Farragut Board of Mayor and Aldermen voted to purchase the Seal property, located off McFee Road, at its meeting Thursday, Sept. 11.

The purchase followed months of controversy centered around the property, originally proposed for purchase for use as an elementary school by Alderman Tom Rosseel in February.

The Town purchased the 16.8-acre property for $1,250,000 for “public use,” or use as parkland, a site for a community center, police or fire station or museum or some other recreational or community use.

The contract includes a 20-year restriction for this type of use; in other words the land could not be used for a subdivision or commercial development until 20 years from the purchase date.

Town Attorney Tom Hale explained the facets of the contract to the Board, saying most of the items were “standard real estate-type provisions.”

One atypical item is an environmental provision, allowing the Town to complete a thorough examination of the property before closing. This will likely include a geotechnical study to explore the possibility of sinkholes.

Alderman John Williams asked if this examination was standard.

Hale responded it wasn’t, but was included in this contract “because we don’t know what we may use [the land] for.”

“We’re very well advised to do that,” Mayor W. Edward “Eddy” Ford III said.

During this “due diligence” time, the Town could back out from purchasing the land if it was found to be unusable for a public purpose.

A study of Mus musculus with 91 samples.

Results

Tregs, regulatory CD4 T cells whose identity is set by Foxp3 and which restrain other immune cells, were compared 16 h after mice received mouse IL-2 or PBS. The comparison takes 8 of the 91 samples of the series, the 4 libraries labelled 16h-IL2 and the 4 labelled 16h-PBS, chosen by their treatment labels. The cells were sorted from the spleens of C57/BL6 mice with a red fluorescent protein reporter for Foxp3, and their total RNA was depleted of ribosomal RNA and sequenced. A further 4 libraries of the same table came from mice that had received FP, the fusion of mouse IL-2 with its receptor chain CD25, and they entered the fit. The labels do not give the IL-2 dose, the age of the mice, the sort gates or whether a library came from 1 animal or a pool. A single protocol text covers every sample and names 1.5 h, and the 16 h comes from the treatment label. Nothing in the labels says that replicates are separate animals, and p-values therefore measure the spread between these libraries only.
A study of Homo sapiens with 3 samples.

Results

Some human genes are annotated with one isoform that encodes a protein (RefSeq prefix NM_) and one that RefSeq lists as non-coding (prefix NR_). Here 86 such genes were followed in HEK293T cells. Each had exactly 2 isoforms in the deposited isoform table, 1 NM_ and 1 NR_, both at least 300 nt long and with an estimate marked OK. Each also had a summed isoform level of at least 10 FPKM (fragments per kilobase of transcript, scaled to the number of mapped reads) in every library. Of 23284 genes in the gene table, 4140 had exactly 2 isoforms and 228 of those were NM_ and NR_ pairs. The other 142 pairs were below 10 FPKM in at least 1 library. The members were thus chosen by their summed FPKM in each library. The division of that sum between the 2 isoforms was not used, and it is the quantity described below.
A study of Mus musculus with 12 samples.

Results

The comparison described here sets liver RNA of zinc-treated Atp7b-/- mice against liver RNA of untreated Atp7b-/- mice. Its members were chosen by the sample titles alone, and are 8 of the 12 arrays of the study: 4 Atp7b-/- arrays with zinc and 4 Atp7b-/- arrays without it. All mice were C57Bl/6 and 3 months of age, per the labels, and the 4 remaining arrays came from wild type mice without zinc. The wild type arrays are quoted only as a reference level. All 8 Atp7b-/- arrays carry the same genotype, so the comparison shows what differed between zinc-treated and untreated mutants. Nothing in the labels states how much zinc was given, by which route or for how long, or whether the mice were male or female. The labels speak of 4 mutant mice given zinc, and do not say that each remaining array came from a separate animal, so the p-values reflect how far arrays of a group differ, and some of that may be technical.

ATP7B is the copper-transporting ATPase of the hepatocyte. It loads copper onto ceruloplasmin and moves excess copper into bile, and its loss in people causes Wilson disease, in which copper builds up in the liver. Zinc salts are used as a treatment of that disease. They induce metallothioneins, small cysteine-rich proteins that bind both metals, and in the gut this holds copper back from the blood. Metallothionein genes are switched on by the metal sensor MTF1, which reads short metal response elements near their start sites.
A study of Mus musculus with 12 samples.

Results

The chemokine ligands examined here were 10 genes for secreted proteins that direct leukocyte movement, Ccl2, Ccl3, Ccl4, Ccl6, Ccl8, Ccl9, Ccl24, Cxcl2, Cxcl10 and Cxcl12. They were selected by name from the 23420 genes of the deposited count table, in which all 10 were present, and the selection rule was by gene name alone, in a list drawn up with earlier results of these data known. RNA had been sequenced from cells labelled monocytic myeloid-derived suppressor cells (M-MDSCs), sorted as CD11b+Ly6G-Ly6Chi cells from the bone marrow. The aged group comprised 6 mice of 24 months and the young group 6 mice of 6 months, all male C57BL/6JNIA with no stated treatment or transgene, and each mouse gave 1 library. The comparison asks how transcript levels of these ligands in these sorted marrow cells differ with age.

Vice Mayor J. Michael Haynes, who has opposed the purchase of the property since February, again announced his resistance to the price and the restrictions.

He reminded Board members they were paying $200,000 more than the appraisal value of the property, and if they condemned the property, they would pay only $1,050,000.

In the event of an economic downturn, “we would limit our ability to get our money back,” he said.

“There is nobody else out there who would buy it,” for this price, he added.

“The Town is not in the business of buying and selling land,” Rosseel said.

He added this was the first major land purchase by the Town in 13 years, and to “threaten condemnation is the wrong thing to do.”

“In the United States, in Tennessee, property rights are important. Taking somebody’s land … is something we try to avoid because we have such great respect in this state and in this country for private property,” Rosseel said.

The Town has only very rarely used condemnation to gain right-of-way and slope and construction easements, Rosseel said.

Haynes made a substitute motion — to replace Rosseel’s original motion — to condemn the property. It failed for lack of a second.

The restrictions for public use do not limit the Board much beyond the legal definition of a municipality’s use of land for public purpose. According to Rosseel, the only thing the Town could not build is a utility station, “which the town of Farragut does not build.”

“I strongly support the opportunity to purchase this land and invest in the future of the Town,” Rosseel said.

Jeff Elliott, a Fort West resident, addressed the Board, pointing out that a 20-year restriction was not that limiting.

The land for McFee Park, he said, was vacant for many years before finally being developed.

“The world could end next year … if it happens, it happens,” Elliott said.

“I think the key word is opportunity. They’re not making any new land. Five years from now, I doubt that anybody in this room will look back on this decision and say, ‘That was a terrible decision.’

“We’re going to look back at this as this was a great opportunity,” he added.

The Board voted to purchase the land four to one, with Haynes in opposition.